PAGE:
I say that I officially started this writing journey with my attendance at a Highlights workshop last September called The Power of the Picture Book. Taught by author Deborah Underwood (http://www.deborahunderwoodbooks.com/) and author/illustrator Lindsay Barrett George (http://www.lindsaybarrettgeorge.com/), it consisted of three days of immersion in the craft of writing picture books. It also included private cabins and gourmet meals and new friends. I highly recommend such a workshop for newcomers to the field.
Really though I have been on this journey for half my life. I just didn’t realize that I was building a foundation that would help me later; I thought while I was waiting to write someday, that I wasn’t actually on the journey yet. Travel backward about 25 years to when I first knew I wanted to be a writer. I was reading Rick Bass’ Winter and laughing and crying and smiling at various places, sometimes in the same chapter. Wow! I wanted to do this. I wanted to write something that made the reader laugh or cry or hold my words in their head after the book was done. I know that seems quite egotistical, but that is not how I see it. I see it as a big way to say thank you for all the times I have been moved.
Next though, came the journey of parenthood. My children became my personal trainers in children’s literature. For about six years and for at least a half-hour each day (most days much, much more) we read picture books. I’ve estimated that during those six years we read at least 6,570 books. That is based on three books each day, but I know that the number could easily be double that amount since most days we read more than just at bedtime.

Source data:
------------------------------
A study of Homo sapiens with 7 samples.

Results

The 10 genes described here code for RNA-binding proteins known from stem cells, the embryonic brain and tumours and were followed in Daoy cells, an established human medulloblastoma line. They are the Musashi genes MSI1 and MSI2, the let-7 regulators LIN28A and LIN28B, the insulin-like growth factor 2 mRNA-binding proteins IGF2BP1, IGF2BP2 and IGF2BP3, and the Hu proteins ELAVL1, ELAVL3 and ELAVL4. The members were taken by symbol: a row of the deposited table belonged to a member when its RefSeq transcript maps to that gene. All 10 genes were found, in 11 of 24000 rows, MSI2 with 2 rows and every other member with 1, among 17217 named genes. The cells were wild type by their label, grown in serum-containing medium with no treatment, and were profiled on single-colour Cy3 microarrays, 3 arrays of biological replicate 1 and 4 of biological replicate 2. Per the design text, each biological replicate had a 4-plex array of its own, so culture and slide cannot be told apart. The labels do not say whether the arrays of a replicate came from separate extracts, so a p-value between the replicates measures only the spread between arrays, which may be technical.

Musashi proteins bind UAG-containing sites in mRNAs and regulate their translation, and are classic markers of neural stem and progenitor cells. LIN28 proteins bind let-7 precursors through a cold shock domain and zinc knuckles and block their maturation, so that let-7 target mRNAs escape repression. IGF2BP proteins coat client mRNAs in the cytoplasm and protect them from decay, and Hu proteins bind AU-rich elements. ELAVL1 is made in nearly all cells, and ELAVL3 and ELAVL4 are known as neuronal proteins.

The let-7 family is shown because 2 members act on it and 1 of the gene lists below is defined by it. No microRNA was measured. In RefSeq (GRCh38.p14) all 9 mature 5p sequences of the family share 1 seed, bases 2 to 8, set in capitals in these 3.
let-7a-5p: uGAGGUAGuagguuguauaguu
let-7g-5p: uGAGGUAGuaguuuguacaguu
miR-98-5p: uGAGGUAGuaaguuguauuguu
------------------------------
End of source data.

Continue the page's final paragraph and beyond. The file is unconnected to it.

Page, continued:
While I learned at the Power of the Picture Book workshop that the market has changed since in the last twenty years since I was reading them daily, all that exposure to the craft was a foundational part of my journey. It was also a delightful one.
The delight continued for a few more years as we morphed into early readers and chapter books. Read aloud sessions in the evening were my favorite part of the day. Even when exhaustion and a dry throat set in, it was wonderful to hear, “One more chapter, please.” I knew this was as important as hugs and warm food in their bellies. It was bittersweet when they started reading ahead after they went up to bed. I had created readers, but they didn’t need me on their reading journey anymore.
Fast forward to the present. Last weekend I attended the SCBWI winter conference in New York City. It was big, crowded, at times overwhelming, but everyone there is connected to children’s literature. That is inspiring. The most inspiring and engaging parts of the conference for me were the keynote addresses by authors Jack Gantos (http://www.jackgantos.com/) and Kate Messner (http://www.katemessner.com/). They are as talented speakers as they are writers and I feel privileged to have heard them speak.
Gantos’ talk was about his writing journey and about the structure of the craft. My favorite quote from his talk was about when we finish reading a good book: “The book is like an infection. When the book is over, the book is the same. You are changed.” Sound familiar? I immediately thought of Rick Bass and many other writers that have changed me over the years. Yes, I still want to do this. The idea of making a child laugh or smile or feel changed after reading my words is no more egotistical than being a teacher, which I was for several years, in that we want to empower children to be the best self they can be.
Messner’s talk was about the power of failure. She told us things we know, yet that we don’t apply to our own craft; that no invention or great art or great athlete got made without failure along the way. Failure is part of the journey. Hmmm, maybe I should frame my rejection letters. My take home quote from Kate: “Do the work that you are meant to do. Write what you fear, dare, want to know. Make lots of failures.”
I’m so glad my path crossed with Gantos’ and Messner’s. Their words have changed me.